Thank you all for the congrats! I’m greatly relieved to be done with it. Not sure if I’ll do it again next year. Prospectus mentioned a happy dance in the end zone–if only I knew how to get a dancing icon on this page! But, imagine, me in front of my writing desk doing the cabbage patch doll dance. There you go! Do stop laughing–you’ll hurt yourself.
I’ve returned to work on A Lamentation of Swans, starting again from square one. Gaius is no longer my main character. Ferrant finally got my attention. He’s not given to speechifying, and he did wave his sword at me a time or two, but I was enamored with Gaius and ignored the poor guy when all along he’s the one with the compelling story. He’s the one whose going to undergo the most profound change, and the one whose viewpoint provides the right perspective. As soon as I led Ferrant into the limelight, a crack fractured the Block.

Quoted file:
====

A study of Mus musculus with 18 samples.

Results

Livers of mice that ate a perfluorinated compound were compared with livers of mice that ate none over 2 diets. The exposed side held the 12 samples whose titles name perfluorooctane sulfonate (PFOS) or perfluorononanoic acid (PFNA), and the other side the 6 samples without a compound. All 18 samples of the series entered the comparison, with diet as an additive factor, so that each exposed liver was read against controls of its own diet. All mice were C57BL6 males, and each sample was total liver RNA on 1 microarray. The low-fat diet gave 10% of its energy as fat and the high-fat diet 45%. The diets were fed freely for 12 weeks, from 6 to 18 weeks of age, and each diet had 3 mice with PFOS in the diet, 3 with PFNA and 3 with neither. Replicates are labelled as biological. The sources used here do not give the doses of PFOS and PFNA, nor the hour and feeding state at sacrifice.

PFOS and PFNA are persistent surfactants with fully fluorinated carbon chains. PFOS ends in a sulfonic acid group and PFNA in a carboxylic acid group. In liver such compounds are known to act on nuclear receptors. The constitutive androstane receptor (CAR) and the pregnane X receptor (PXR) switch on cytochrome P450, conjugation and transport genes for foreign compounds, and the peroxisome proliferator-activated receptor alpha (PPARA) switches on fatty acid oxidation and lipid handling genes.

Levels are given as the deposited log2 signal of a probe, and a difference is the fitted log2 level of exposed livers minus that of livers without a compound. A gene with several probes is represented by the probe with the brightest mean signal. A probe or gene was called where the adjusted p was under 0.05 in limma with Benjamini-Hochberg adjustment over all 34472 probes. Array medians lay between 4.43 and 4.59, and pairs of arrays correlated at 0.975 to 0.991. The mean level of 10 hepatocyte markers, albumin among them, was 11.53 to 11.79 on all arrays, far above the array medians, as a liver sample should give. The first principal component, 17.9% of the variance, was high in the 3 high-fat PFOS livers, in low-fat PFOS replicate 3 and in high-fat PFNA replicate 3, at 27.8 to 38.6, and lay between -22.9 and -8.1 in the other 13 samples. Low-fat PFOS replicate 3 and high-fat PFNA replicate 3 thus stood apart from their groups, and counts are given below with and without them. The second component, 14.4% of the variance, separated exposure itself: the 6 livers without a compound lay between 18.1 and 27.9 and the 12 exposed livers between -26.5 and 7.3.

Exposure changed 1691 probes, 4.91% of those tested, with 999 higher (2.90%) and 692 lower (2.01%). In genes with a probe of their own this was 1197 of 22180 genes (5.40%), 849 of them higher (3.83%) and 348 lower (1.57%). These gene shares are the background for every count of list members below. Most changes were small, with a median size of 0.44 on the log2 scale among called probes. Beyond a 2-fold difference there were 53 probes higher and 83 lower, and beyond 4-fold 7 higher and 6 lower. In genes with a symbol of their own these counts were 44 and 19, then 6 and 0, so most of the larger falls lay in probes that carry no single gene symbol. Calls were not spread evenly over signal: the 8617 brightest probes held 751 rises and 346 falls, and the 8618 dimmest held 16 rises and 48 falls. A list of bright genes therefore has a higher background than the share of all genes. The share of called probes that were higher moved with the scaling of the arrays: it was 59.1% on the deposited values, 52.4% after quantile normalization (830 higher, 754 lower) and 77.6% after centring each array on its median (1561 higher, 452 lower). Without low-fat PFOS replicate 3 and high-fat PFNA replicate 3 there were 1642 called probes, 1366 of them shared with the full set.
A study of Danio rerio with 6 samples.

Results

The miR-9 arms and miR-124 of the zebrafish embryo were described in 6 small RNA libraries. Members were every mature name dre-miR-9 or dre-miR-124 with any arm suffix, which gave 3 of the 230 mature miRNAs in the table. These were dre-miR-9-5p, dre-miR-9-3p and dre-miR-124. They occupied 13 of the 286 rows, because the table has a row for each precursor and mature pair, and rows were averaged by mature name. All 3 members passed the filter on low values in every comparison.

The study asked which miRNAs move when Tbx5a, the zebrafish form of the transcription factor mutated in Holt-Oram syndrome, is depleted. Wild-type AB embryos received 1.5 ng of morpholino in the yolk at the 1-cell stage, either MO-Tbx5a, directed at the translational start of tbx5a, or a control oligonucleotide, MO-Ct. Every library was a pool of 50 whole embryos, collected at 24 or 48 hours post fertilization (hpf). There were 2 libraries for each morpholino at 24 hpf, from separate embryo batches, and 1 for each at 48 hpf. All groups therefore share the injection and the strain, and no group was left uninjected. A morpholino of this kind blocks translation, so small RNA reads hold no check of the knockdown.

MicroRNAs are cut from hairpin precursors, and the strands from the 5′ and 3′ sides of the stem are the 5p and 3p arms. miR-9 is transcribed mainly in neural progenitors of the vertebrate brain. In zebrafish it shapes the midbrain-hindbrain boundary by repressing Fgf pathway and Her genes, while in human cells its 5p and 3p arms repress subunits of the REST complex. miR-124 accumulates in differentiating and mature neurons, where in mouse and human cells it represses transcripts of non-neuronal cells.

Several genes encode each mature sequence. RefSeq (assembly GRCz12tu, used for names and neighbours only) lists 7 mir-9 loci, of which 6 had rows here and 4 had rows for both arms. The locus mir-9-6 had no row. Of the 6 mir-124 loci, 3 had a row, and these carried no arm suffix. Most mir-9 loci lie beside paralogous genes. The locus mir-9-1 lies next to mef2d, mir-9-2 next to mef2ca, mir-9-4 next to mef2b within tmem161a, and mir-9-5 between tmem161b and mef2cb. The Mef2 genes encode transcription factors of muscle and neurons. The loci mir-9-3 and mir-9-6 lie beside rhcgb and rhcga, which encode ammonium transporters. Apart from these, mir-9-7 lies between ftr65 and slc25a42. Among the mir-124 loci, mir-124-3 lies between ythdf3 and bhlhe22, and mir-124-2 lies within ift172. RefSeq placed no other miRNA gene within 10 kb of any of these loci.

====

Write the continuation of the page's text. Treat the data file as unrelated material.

I also gave up my long-held, long-cherished time travel plot angle. It was not necessary and I finally recognized it for what it was–a gimmick; a cute gimmick that I thought added shine to the story but it was mere glamour–nothing but dross beneath. Another crack in the Block and a chunk of it fell away. I’m taking December and January to outline the new vision of ALoS, and I hope to start writing it in February. We shall see.
This morning’s weather news mentioned a return of the Santa Anas tomorrow. Today turned out balmy, so methinks we’re in for more days of warm dry winds and bright sunshine.
As a treat to myself–the first of many to come–for finishing the November novel, I picked up Michelle Rowen’s Stakes and Stilettos. Treat-wise, I’m just getting started. In December I get extremely self-indulgent. It’s a wonder I give away the gifts!
Oh yeah–I submitted Lost and Found to an e-zine. Pushing the “send” button was a little scary, but I closed my eyes and pushed the little bird out of the nest. It really is a good story; it deserved to try its wings again.